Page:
Rehabilitation Medicine
Designatory Letters: 
MB Cantab 1953, MA Cantab 1955, DphysMed 1959, MRCP Edin 1962, FRCP Edin 1975, FRCP London 1985

(Contributed by his wife Maryann Cochrane)

George was born in Buxton, the son of a GP and MoH, and from the age of six he was determined to be a doctor .Educated at Shrewsbury he studied medicine at King’s College Medical School, graduating in 1953. His consultant career began in Derby in 1962 and his pioneering initiatives led to the establishment of the first National Rehabilitation Demonstration Centre at Derbyshire Royal Infirmary. With members of the former Institute for Consumer Ergonomics at Loughborough University he set up a bio-engineering laboratory to produce customised equipment such as individually moulded seating to support adults and children in their wheelchairs and one of the first driving assessment centres to support disabled people returning to driving.

In 1980 he moved to Mary Malborough at Oxford. The “ Lodge” was a 21-bed hospital unit where people of all ages with a severe disability came to find ways in which to learn to overcome some of their physical and social problems. To the benefit of the patients George established strong associations with specialist clinical units, his orthopaedic colleagues and Oxford University engineers. Thus he was able to make efficient, practical and compassionate plans for those who often were in a state of despair.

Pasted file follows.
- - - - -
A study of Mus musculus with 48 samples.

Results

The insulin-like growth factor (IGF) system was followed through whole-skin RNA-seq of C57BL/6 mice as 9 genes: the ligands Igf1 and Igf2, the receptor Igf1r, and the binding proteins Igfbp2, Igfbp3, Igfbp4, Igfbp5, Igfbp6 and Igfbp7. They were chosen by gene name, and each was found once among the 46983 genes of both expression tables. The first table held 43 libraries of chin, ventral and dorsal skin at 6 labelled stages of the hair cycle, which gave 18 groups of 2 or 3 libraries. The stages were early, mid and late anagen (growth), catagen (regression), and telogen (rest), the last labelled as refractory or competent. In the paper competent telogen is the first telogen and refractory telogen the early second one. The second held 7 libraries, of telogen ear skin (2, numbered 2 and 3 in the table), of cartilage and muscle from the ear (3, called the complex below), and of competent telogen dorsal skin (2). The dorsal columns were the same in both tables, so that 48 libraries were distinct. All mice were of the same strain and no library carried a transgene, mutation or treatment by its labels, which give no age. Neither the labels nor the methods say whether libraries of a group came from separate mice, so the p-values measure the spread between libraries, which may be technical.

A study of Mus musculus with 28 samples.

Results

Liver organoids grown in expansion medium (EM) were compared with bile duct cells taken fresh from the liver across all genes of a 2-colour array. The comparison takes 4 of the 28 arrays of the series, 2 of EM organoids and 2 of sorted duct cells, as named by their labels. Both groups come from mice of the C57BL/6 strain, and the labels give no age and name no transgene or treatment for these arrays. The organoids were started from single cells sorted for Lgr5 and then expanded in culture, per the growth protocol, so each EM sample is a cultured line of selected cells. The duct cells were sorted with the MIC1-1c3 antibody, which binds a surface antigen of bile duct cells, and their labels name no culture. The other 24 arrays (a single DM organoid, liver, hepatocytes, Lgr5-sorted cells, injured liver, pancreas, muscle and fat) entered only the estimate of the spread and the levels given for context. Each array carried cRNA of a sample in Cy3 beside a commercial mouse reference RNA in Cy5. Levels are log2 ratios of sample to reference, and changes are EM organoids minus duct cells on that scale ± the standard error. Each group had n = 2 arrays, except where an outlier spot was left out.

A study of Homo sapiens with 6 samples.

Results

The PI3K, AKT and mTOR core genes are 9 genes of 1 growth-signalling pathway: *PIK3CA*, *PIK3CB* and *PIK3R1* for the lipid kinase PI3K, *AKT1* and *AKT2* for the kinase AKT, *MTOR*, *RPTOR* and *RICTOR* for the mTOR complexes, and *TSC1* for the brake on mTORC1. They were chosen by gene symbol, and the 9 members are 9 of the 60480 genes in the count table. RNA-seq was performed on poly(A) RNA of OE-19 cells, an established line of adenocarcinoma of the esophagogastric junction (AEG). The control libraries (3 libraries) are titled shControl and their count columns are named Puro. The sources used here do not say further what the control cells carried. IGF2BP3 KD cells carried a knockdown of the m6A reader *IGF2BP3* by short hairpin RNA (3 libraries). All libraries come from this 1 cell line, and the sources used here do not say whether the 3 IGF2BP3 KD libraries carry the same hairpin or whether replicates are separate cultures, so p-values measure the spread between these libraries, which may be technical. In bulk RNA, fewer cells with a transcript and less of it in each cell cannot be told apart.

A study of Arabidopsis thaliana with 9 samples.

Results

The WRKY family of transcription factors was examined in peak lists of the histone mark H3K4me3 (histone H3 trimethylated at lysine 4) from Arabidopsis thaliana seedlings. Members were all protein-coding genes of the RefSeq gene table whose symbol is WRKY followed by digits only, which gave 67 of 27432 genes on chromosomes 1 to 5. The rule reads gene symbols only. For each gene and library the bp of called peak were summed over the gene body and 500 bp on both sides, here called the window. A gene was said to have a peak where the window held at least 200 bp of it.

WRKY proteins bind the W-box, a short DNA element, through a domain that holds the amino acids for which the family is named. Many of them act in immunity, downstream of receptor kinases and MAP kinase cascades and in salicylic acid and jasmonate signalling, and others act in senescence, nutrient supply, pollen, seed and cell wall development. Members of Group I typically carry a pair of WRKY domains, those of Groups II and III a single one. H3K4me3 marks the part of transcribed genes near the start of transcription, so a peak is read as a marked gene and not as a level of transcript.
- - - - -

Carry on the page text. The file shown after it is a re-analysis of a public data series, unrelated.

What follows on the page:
George believed that Rehabilitation Medicine could only develop its full capacity to help disabled people by separating from Rheumatology and developing as a specialty in its own right. With only a small handful of doctors in the field at the time this was a brave step to take but time has proved him right. George was remarkable; he saw clearly what needed to take place and pursued this aim quietly and courteously but with great determination until it was achieved. Twenty years later the British Society of Rehabilitation has over 300 members and remains the backbone for promoting training and standards of practice for rehabilitation medicine in the UK.

He is now remembered with the George Cochrane Elective Prize in Rehabilitation Medicine at King’s College Medical School, London, established in memory of his tireless efforts to awaken interest in disabled people towards restoring their independence and realising their ambitions as far as possible and to given them comfort. He was enthusiastic for rehabilitation, where many work together, drawing upon the skills of others, trying always to accomplish more.